Auto Layout in iOS: How to avoid the common mistake

I can’t remember how many times the following happened to me: I add a view to an existing view hierarchy in my code and it doesn’t show up when running the app. Even though I know why that happens, it’s still frustrating. If I add several new views at once I have to search for the one place where I forgot to set the translatesAutoresizingMaskIntoConstraints to false. Are you also sick of that? There is a solution.

First, let’s take a closer look at what’s happening behind the scenes.
When adding a new view using Auto Layout, it’s a common thing to initialize the new view with CGRectZero since you will provide a set of constraints for that view anyway. By default, the system translates the view’s autoresizing mask into a set of constraints fully specifying the view’s size and position. This also means by default you cannot add constraints to modify the view’s frame without introducing conflicts. The view will be displayed at position (0,0) with width and height of 0. To opt out of the default behaviour you have to remember to set translatesAutoresizingMaskIntoConstraints to false before activating the constraints.

This is what adding a view usually looks like when using Auto Layout:

let newView = UIView(frame: CGRectZero)

addSubview(newView)

newView.translatesAutoresizingMaskIntoConstraints = false // <- never forget this line

NSLayoutConstraint.activateConstraints([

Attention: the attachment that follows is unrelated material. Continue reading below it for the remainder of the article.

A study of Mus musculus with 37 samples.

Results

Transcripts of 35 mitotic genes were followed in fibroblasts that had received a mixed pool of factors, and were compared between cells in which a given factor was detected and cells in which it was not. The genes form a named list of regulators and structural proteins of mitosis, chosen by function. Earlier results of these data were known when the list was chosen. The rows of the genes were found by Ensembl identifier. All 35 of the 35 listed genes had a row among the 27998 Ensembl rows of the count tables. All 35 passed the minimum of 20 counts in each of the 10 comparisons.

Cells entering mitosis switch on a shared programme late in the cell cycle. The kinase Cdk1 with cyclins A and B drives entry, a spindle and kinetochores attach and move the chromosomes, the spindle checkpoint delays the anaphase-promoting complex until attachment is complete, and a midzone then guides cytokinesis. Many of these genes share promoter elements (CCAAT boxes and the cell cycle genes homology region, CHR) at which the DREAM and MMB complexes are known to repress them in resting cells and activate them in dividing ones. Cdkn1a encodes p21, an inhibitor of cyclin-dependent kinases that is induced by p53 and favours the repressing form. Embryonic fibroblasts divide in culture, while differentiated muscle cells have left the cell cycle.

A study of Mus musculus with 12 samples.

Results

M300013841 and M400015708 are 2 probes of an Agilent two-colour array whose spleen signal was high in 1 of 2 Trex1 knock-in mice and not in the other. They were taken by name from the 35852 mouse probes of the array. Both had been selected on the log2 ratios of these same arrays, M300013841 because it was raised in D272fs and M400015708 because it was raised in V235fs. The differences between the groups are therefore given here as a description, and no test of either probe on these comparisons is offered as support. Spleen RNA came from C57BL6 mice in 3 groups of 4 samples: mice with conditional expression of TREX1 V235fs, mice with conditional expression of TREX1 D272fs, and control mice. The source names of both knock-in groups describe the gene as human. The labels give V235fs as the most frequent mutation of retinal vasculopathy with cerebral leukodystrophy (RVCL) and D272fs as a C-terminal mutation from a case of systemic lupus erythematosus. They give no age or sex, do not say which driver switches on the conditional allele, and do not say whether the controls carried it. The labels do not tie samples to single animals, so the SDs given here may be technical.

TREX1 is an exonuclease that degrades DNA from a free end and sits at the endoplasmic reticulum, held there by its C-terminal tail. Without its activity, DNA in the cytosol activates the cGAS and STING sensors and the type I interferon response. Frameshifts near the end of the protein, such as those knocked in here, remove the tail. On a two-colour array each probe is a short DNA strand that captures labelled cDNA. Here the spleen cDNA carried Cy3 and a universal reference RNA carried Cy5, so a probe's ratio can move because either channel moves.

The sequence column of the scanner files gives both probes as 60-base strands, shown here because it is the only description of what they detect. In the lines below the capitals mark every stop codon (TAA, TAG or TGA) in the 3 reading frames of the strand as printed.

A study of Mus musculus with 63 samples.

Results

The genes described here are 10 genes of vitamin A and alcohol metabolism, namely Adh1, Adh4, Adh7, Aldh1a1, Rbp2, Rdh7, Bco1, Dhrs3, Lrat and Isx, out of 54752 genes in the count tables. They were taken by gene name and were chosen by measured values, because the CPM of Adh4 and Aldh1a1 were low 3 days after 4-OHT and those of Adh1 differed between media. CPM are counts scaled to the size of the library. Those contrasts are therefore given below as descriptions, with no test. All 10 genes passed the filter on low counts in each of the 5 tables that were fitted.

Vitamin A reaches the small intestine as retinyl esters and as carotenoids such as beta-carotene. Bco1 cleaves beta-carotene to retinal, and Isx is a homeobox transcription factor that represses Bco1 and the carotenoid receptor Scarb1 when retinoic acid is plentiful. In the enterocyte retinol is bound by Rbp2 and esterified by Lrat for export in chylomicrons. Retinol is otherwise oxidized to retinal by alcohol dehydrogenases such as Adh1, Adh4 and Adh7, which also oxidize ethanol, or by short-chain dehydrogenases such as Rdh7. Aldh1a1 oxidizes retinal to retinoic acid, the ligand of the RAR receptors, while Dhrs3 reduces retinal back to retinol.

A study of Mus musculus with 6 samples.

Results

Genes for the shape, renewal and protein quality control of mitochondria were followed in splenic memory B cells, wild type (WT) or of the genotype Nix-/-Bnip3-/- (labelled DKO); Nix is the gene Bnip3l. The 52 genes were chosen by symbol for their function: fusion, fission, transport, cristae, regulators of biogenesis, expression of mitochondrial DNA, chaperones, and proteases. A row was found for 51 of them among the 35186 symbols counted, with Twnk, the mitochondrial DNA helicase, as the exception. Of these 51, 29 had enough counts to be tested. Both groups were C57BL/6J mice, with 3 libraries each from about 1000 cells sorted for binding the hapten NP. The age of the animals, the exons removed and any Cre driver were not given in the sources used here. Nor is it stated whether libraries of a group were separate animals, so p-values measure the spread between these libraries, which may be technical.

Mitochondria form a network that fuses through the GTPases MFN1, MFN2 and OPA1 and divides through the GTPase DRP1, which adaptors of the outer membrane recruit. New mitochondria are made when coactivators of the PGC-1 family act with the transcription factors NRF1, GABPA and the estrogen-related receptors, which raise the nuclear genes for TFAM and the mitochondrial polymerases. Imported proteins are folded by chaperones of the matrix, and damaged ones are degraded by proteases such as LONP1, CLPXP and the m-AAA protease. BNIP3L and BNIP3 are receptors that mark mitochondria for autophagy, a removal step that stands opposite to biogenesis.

newView.topAnchor.constraintEqualToAnchor(topAnchor),
    newView.leftAnchor.constraintEqualToAnchor(leftAnchor),
    newView.widthAnchor.constraintEqualToConstant(100),
    newView.heightAnchor.constraintEqualToConstant(100)])

In case you are an iOS developer you will probably understand my pain. To all others: With these few lines of code it might not be obvious that it’s pretty easy to forget the one line that makes the difference. In reality, it’s often not a regular UIView but a UILabel, UITextField, UIButton or anything else subclassing UIView and thus, you will have a lot more lines setting up the background, the label’s text and other properties of the specific view. So you need to keep all this in mind and think about the correct layout constraints – which is often a quite tricky thing. In this situation, it can easily happen that you forget to turn off translatesAutoresizingMaskIntoConstraints.

However, writing a class extension for NSLayoutConstraints which adds a new method for activating constraints solves this problem forever. The method sets translatesAutoresizingMaskIntoConstraints to false for the view participating as first object in each of the constraints before activating the constraints.

extension NSLayoutConstraint {

    public class func useAndActivateConstraints(constraints: [NSLayoutConstraint]) {
        for constraint in constraints {
            if let view = constraint.firstItem as? UIView {
                 view.translatesAutoresizingMaskIntoConstraints = false
            }
        }
        activateConstraints(constraints)
    }
}

It’s much easier to remember to use this method as replacement for the original activateConstraints than to remember to turn off the flag every time. And even when I forget to use it and a view is missing in my app, I can still search for all occurrences of NSLayoutContraints.activateConstraints in my code and replace it.